The LOTT Clean Water Alliance, the sewer treatment utility that serves Thurston County, took center stage during Lacey City Council’s Thursday work session.
That’s because executive director Mike Strub was on hand to update the council on the utility and its mission.
Councilman Jeff Gadman asked for an update on a study to determine the amount of chemicals in wastewater created by prescription medications.
Strub said the utility is about 3 1/2 years into a $5 million study that is expected to last about six years. And it’s not just looking at pharmaceuticals, but also chemicals created by toothpaste, cosmetics and fire retardants, he said.
So far, the study has examined the following areas:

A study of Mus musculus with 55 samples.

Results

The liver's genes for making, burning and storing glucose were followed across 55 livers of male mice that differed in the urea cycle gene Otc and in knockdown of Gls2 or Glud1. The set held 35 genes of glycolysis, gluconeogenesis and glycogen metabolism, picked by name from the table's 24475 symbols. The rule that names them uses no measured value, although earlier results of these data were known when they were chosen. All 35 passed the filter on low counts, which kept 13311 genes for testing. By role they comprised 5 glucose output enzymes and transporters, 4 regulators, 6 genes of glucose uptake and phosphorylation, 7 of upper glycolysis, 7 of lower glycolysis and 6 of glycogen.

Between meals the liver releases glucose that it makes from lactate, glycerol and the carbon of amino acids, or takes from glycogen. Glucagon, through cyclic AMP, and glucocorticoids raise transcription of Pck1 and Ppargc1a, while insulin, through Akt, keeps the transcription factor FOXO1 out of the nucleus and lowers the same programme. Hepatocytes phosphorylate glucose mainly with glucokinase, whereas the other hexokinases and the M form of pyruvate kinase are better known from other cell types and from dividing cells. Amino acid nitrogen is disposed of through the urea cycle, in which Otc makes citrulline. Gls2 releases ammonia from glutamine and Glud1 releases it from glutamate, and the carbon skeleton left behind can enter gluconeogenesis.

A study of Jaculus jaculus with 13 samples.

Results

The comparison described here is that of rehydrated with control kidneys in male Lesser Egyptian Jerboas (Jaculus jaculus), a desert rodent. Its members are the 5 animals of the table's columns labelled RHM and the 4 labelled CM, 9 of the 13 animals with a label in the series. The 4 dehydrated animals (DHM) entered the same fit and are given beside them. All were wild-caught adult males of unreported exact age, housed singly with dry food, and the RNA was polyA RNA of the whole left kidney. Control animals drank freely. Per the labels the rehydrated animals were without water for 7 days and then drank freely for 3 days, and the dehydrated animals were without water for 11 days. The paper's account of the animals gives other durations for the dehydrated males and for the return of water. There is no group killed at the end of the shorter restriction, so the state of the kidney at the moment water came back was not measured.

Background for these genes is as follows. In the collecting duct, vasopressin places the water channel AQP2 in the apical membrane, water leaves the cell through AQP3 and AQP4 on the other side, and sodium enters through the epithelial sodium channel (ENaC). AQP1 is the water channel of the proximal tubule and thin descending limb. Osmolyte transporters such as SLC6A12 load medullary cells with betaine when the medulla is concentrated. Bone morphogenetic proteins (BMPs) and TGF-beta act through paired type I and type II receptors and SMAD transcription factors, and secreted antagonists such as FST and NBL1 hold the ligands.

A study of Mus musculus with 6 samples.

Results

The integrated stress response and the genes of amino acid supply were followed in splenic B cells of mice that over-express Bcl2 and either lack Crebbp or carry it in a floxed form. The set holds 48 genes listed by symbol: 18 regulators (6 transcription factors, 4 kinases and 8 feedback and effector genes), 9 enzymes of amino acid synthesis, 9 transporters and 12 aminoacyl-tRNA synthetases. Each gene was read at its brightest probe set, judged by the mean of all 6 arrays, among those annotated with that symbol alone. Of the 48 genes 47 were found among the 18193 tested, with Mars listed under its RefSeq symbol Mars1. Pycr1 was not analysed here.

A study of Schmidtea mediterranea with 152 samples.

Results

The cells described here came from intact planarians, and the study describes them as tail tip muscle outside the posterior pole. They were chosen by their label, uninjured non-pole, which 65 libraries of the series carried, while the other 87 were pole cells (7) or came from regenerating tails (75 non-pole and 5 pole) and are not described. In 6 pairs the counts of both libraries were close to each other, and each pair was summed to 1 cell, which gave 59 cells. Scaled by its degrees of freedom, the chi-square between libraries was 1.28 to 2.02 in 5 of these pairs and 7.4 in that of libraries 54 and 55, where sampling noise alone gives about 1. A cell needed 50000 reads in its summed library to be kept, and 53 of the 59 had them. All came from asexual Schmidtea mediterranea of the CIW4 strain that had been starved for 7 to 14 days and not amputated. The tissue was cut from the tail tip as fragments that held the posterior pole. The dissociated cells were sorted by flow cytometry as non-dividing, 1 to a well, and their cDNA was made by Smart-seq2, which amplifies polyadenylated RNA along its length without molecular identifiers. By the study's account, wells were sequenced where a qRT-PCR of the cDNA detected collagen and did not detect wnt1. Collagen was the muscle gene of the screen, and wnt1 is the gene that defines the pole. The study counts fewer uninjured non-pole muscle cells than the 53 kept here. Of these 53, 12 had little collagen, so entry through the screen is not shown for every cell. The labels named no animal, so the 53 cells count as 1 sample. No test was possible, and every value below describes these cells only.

▪ The quantity and specific chemicals in the wastewater stream.
▪ The amount of those chemicals found in groundwater and surface water.
▪ The utility’s effectiveness in treating those chemicals.
Strub said the utility is pretty good at removing some of the chemicals through micro-filtration and nitrogen removal processes.
But anti-seizure medications remain a persistent issue, largely because they don’t break down as well in the treatment process, while ibuprofen and hormone treatments break down pretty quickly, Strub said.
The next phase is a “tracer” study, which will examine the effects of those chemicals in the ground.
Once the study is complete, results will be shared with LOTT’s board and the community, he said, and then a determination will be made about whether the utility needs to do additional treatment.
If additional treatment is needed, Strub cautioned the council that the “financial impacts could potentially be huge.”